Ramping up production of affordable Tesla may take years, Elon Musk says

A day after General Motors Co. unveiled a prototype of an affordable, long-range electric vehicle by 2017, Tesla Motors Inc.'s chief executive, Elon Musk, said it could take until 2020 to put a comparable mass-market EV into full production.

Tesla could start selling its Model 3 by 2017, but Musk acknowledged that it could take years to develop the manufacturing capacity to fulfill demand. Tesla will need the higher-volume model to make the company profitable by 2020, Musk said at an automotive industry conference in Detroit.

Musk continued to lay out sky-high goals for the Palo Alto company, however, including sales of 500,000 by 2020 and “several million” by 2025. To reach that goal, Musk conceded, Tesla must double its annual production every year for many years running.

Last year, Tesla produced about 35,000 of its Model S electric sports sedan, which has an average sales price of about $100,000. The company plans to launch the similarly priced Model X compact utility vehicle this year and then a $35,000 Model 3 sedan.

Musk initially said the Model X would go on sale in early 2014, but has delayed the launch several times since then.

Tesla shares, which closed Tuesday at $204.25, up $2.04, or 1%, dropped 7% in after-hours trading on the news, and analysts began expressing doubt about Musk's projections.

“This is Elon Musk's M.O., from as far back as his first vehicle,” Kelley Blue Book senior analyst Karl Brauer said. “Whatever the numbers were — what it would cost, how far it would go, how fast it would go, and when it would be available — every one of those figures got revised on an ongoing basis, and always in the wrong direction.”

Musk conceded that he has over-promised in the past. “I do have an issue with punctuality,” he said. “I am too optimistic, and that leads me to thinking it can get done sooner than it can.”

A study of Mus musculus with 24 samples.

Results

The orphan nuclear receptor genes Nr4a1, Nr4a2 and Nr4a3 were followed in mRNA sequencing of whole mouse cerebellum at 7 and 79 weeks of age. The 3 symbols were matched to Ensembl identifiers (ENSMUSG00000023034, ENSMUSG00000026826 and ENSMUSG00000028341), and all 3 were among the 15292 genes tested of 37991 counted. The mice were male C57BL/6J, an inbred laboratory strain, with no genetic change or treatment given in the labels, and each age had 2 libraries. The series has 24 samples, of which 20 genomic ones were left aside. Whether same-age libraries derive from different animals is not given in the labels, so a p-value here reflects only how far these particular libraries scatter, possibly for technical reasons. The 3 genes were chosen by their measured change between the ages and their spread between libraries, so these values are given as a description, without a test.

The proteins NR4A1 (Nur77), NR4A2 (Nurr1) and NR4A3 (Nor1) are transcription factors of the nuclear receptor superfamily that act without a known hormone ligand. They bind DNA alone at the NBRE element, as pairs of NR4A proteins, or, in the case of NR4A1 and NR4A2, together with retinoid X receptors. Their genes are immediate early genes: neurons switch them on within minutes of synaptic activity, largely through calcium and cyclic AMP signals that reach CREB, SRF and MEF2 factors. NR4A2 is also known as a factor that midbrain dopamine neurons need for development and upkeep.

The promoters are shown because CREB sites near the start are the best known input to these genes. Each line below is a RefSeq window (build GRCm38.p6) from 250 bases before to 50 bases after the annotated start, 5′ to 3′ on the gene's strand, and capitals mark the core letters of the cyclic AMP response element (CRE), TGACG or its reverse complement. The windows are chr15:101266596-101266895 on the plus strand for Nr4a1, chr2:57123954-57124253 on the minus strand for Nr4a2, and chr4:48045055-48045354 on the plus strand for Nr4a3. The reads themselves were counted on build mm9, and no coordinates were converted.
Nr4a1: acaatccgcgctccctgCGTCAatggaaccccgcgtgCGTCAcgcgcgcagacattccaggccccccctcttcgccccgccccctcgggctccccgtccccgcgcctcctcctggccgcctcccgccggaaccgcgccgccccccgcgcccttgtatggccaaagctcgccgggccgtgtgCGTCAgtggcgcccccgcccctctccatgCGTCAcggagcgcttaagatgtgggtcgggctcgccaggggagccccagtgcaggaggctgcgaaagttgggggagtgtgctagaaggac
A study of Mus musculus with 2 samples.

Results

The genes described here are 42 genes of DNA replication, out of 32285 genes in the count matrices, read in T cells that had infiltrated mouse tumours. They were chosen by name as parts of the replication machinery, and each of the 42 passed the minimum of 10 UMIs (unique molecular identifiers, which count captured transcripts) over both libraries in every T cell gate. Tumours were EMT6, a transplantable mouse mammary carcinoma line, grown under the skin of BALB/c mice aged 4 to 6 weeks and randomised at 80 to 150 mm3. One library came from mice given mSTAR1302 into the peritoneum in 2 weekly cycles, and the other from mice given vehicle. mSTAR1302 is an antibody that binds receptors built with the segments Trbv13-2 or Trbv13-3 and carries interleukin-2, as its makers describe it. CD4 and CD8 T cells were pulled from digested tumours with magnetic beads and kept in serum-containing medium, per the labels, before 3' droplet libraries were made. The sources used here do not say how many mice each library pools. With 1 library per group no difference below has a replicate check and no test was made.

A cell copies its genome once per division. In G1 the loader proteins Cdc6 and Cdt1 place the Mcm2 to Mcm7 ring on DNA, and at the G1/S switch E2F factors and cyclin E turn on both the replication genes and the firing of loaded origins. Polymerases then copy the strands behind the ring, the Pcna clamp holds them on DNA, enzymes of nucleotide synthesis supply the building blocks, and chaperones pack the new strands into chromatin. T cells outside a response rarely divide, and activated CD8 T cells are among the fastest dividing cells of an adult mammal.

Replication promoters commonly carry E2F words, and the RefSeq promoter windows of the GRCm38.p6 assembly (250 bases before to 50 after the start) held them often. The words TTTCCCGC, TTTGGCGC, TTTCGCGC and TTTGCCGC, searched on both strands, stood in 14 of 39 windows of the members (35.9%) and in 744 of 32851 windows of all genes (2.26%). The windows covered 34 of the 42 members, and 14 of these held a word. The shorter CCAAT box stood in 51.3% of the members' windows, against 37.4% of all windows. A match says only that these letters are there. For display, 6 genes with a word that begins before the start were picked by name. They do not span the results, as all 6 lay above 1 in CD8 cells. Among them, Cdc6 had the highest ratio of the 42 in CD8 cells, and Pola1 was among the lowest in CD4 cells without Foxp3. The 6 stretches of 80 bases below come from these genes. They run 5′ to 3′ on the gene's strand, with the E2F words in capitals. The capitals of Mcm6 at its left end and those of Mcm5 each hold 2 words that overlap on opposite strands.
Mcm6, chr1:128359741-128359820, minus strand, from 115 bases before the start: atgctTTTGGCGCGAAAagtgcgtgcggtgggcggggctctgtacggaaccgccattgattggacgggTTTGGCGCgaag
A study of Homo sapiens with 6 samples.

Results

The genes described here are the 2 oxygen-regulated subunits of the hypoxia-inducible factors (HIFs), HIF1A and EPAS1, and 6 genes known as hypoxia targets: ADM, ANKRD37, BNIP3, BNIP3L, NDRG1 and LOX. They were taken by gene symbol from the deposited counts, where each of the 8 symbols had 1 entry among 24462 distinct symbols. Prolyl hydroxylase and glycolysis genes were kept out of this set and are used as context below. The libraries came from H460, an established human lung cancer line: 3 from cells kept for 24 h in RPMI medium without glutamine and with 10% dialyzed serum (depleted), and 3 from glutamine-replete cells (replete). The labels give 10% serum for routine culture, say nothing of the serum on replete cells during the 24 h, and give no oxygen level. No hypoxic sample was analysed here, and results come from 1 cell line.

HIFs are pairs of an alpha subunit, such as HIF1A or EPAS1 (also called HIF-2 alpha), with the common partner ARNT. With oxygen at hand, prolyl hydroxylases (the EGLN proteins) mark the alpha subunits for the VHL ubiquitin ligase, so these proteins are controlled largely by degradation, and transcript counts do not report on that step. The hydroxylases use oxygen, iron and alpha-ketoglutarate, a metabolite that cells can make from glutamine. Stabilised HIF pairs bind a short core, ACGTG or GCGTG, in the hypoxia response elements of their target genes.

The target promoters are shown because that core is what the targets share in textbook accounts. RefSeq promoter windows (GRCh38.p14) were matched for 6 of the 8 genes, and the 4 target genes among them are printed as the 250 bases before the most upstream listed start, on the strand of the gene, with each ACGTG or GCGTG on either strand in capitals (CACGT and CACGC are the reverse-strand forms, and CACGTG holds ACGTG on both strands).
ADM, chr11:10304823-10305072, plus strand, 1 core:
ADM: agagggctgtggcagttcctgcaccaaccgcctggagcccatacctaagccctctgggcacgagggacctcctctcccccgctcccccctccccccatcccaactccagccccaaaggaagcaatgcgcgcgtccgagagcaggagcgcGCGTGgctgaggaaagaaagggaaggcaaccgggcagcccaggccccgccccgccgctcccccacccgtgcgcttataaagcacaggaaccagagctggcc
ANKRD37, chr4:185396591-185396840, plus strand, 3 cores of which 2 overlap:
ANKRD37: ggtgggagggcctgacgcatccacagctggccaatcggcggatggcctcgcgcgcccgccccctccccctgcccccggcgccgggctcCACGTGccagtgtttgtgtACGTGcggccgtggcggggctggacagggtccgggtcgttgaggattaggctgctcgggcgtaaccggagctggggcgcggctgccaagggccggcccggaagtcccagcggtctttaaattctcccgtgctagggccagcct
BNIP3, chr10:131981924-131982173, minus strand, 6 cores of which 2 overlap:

That's clear from Musk's projections during the early days at the electric car company.

In a blog post from August 2006 — years before Tesla's first car, the Roadster, hit the market — Musk wrote that more affordable models were on the way.

“I can say that the second model will be a sporty four door family car at roughly half the $89k price point of the Tesla Roadster, and the third model will be even more affordable,” he wrote.

In fact, the Roadster went on sale in 2008 for just under $100,000, and by 2010 the base price was $110,000. The second model was a sporty four-door family car, but it starts at more than $70,000 and can exceed $110,000 with options, including the battery with the longest driving range.

The Model X crossover is expected to be priced about the same as the S sedan when deliveries begin. Musk also said that fourth-quarter sales in China may have been soft, which caused concern among analysts.

“China is a huge market in the luxury segment, in a country with pollution issues,” Brauer said. “China should be huge for Tesla.”

Musk attributed the slow sales to a “misperception” by Chinese consumers concerning whether they would be able to charge electric cars in large housing complexes. He said Tesla is working to clear up the issue and expects sales to rebound.

Analysts worried more about the possibility of delays in delivering the planned Model 3, which Musk said could sell for less than $30,000 once government incentives are figured in. The federal government offers a $7,500 tax credit to buyers of electric cars; California offers buyers an additional rebate of $2,500.

Detroit giant General Motors said its new Bolt could be sold at a similar price — with a range of 200 miles between charges — and would be in production by 2017.

The Tesla Model S has a range of either 208 or 265 miles, depending on the battery option selected.

Timely delivery of the Model 3 is crucial to Tesla's success — and for returns to shareholders, who have seen Tesla's stock rise from $30 a share to a high of $279 in less than three years.

“The third model is the make-it-or-break-it product for Tesla,” Gartner analyst Thilo Koslowski said. “They have a real success in the Model S and the Roadster. But in order to get to a mainstream product, they have to make the third model really right — in terms of range, quality and price point.”

As Tesla sales volume grows, it will have to start manufacturing cars close to the regions where it sells them. To date, the vehicle has done best in the U.S., Western Europe and China.

“We don't want to put cars on ships,” Musk said.

He said he anticipates building three additional factories in Asia, Europe and the eastern half of the U.S.

Musk also reiterated his enthusiasm for electric car competition from other automakers, and praised GM Chief Executive Mary Barra for greenlighting that automaker's Bolt electric car program.

He characterized his company's role as “cutting a path through the jungle to show what can be done with electric cars,” and said he doesn't see GM's plans as a competitive threat.

“There's 100 million new cars and trucks made a year,” he said. “What does it matter if a few thousand more are electric?”

Hirsch reported from Detroit and Fleming from Los Angeles.

Times staff writer David Undercoffler contributed to this report.